Madame X by Jasinda Wilder
Published by Berkley
Published on October 6, 2015
Genres: Adult, Adult Contemporary, Dark Romance, Erotic Romance
Format: ARC, Paperback
My name is Madame X.
I’m the best at what I do.
And you’d do well to follow my rules...
Hired to transform the uncultured, inept sons of the wealthy and powerful into decisive, confident men, Madame X is a master of the art of control. With a single glance she can cut you down to nothing, or make you feel like a king.
But there is only one man who can claim her body—and her soul.
Undone time and again by his exquisite dominance, X craves and fears his desire in equal measure. And while she longs for a different path, X has never known anything or anyone else—until now...
***This book contains material that may be considered triggers regarding domestic violence.
Madame X is my first experience with Jasinda Wilder and I had high hopes given the consistent praise I hear from reviewers I respect. I was unfortunately left disappointed and I am sure I am in the minority, especially since I forgot to put on my fangirl goggles.
I would like to start with the most obvious inconsistency. Before the story even begins there is a blurb where Madame X mentions that no one dares to speak “his” name, not even her. This idea is drawn out and sounds very dramatic. But mystery is created and then BOOM! Everyone calls this guy by his name, including Madame X. We know his first name, his last name; not one person is hesitant to say his name. In fact, it’s casually thrown about like he’s Donald Trump. I’m hoping this is just something that showed up in the ARC but this was not the way to start a novel.
Then we get into the first chapter and I was like:
The book starts off in second-person narrative where the “you” is someone we know nothing about and who can’t hear Madame X’s inner monologue.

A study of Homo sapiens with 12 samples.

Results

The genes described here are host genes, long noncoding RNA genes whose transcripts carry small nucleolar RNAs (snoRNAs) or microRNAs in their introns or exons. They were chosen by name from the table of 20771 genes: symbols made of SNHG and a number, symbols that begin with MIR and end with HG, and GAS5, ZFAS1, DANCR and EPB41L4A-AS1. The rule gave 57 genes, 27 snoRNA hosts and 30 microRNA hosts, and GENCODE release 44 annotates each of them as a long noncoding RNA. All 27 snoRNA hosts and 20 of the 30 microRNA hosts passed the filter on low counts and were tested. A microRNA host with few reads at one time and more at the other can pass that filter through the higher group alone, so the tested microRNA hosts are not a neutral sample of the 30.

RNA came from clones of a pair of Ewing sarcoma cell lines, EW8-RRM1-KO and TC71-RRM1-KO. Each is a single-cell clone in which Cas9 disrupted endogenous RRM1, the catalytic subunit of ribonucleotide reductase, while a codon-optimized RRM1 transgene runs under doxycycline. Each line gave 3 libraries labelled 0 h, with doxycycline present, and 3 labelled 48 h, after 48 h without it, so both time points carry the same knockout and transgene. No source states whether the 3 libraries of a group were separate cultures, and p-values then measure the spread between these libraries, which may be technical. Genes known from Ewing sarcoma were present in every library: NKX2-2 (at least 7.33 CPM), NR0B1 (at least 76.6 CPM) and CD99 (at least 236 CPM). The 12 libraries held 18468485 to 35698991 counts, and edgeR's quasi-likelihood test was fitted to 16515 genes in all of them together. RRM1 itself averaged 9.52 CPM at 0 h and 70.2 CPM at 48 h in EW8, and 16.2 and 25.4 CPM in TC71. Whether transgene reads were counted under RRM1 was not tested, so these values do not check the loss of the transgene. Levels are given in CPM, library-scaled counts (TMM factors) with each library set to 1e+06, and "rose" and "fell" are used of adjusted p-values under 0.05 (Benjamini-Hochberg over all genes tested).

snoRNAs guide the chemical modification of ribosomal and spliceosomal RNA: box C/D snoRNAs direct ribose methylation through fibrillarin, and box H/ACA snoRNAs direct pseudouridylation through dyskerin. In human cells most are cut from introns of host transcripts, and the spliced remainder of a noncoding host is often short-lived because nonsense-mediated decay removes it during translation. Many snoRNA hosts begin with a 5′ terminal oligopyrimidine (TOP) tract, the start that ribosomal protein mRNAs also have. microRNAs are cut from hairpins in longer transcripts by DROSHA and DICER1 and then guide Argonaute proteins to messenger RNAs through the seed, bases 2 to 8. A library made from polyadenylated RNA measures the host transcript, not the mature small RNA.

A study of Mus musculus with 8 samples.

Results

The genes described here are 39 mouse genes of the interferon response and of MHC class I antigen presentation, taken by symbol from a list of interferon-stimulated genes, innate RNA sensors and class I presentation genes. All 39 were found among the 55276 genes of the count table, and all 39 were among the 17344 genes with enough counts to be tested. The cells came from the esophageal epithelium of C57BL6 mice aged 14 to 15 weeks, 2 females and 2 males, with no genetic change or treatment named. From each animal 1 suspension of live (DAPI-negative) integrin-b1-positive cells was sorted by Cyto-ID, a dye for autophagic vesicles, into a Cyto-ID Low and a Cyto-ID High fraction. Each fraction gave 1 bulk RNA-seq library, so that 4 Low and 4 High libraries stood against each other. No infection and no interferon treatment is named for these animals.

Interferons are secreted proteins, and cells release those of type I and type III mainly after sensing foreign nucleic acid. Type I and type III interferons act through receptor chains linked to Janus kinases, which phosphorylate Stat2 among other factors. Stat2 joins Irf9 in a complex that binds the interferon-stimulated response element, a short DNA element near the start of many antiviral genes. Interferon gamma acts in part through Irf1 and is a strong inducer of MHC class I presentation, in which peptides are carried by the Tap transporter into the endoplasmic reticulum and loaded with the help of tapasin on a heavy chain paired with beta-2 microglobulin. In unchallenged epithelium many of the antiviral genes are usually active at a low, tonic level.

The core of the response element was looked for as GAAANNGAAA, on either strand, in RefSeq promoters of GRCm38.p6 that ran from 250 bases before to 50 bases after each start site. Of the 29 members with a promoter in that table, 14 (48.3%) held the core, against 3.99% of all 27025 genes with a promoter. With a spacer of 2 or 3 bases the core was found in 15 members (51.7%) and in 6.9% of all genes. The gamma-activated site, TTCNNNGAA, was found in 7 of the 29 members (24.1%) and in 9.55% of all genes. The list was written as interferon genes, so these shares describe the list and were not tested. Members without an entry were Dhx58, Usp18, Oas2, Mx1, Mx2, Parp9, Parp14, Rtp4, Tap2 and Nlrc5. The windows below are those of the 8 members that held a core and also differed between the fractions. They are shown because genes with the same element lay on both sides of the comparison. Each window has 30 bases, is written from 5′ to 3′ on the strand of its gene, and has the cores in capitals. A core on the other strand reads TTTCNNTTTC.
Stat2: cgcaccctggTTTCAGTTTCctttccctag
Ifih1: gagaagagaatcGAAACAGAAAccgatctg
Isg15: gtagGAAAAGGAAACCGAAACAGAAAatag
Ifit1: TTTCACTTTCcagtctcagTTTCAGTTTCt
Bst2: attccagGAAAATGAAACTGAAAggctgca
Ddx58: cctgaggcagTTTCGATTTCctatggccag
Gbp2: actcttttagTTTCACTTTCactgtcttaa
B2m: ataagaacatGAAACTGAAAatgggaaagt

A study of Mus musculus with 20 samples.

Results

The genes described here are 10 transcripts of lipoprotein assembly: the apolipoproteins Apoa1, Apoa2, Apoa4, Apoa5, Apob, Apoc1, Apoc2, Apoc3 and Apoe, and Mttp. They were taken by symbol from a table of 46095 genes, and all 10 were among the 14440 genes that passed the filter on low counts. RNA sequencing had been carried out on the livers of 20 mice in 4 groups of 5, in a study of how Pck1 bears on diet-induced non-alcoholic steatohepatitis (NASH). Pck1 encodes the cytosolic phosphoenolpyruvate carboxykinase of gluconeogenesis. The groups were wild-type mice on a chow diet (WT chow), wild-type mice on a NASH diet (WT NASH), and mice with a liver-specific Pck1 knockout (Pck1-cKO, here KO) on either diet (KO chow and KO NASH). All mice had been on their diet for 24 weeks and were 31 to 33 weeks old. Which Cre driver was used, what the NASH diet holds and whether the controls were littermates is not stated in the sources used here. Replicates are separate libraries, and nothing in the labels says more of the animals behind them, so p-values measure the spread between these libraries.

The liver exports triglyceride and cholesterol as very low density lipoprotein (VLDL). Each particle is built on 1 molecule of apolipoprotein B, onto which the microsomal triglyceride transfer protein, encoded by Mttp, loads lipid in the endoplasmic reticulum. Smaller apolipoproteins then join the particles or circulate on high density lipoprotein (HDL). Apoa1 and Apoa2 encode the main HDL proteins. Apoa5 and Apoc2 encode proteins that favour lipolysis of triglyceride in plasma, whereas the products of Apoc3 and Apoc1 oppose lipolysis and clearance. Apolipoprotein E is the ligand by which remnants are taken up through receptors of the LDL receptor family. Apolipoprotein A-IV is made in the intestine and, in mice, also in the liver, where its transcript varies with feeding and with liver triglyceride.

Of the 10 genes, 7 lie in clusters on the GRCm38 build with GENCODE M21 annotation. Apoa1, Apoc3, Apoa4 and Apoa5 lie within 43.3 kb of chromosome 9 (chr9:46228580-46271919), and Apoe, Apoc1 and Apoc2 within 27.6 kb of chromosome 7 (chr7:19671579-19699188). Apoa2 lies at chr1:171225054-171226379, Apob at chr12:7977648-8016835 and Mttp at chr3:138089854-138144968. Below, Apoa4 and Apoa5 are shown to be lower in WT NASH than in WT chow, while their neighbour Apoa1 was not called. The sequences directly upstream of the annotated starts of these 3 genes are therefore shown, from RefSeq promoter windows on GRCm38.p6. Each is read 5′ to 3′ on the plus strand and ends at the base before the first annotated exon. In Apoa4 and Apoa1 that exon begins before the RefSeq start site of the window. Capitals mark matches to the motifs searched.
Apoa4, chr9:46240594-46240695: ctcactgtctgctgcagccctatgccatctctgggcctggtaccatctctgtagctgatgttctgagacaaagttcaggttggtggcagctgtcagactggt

This creates a very awkward introduction to the story and characters, leaving so many questions left unanswered right out of the gates but none of them are the fun, anticipation-building variety. In particular, we have no clue who Madame X is in regards to how to read her. All we know is she generally speaks with a more sophisticated speech pattern. I like to have at least a generalized idea of how to read main characters and we really don’t get anything for quite some time. I blame this on my love of audiobooks. I found myself, at the end of chapter one, hoping that things improved quickly.
Things did not improve quickly. In fact, everything became very dramatic and stretched out. The dialogue became the most dramatic and I rolled my eyes too many times to keep track. Everything was intense and important and over-embellished. The primary cause for this was the abundance of words. There are far too many words used to describe a situation or to express what should be a simple thought. The wording is often awkward and feels like the author is trying too hard to sound…regal? Sophisticated? Who knows? Whatever it is there are far more words on the page than needed to get a point across and it gets old. Pontification does not equal sophistication. I’m sure Madame X would agree.
And while I’m on the subject of speaking in a sophisticated manner, Madame X’s persona is inconsistent. She, for the most part, maintains her regal disposition but unexpectedly switches into a more “normal, every-day, not part of the elite class” character and back again depending on who she is with and where she is. I don’t see this as something done on purpose. A person who only knows high-sophistication and high expectations does not suddenly speak like a casual girl on campus. Madame X doesn’t even have a frame of reference for that personality. Her character is begging for consistency and it just isn’t delivered. One thing that does remain consistent? Every man and woman we see Madame X encounter immediately falls in love or lust with her and tries to get into her pants. A few people is one thing but virtually every one? Nope. Not buying it.
This book walks a fine line between questionable consent and force. Technically speaking, we know that Madame X is “okay with not being okay” in regards to the sexual situations she finds herself in. However, the main man in her life does not know this. He comes barging into her home, takes her roughly, and the leaves. The guy even chokes her out of anger. This does not make a love story for me and I feel like this behavior, at times, was meant to be attractive.
The only reason I am giving this book two and a half stars and not two or below is because, by golly, I need some questions answered. I had sneaking suspicions from the get-go and I want to know if I am right or wrong. I doubt I’ll read the next book in the series but, for the time being, I have that itch to read more. You got me this time, Wilder.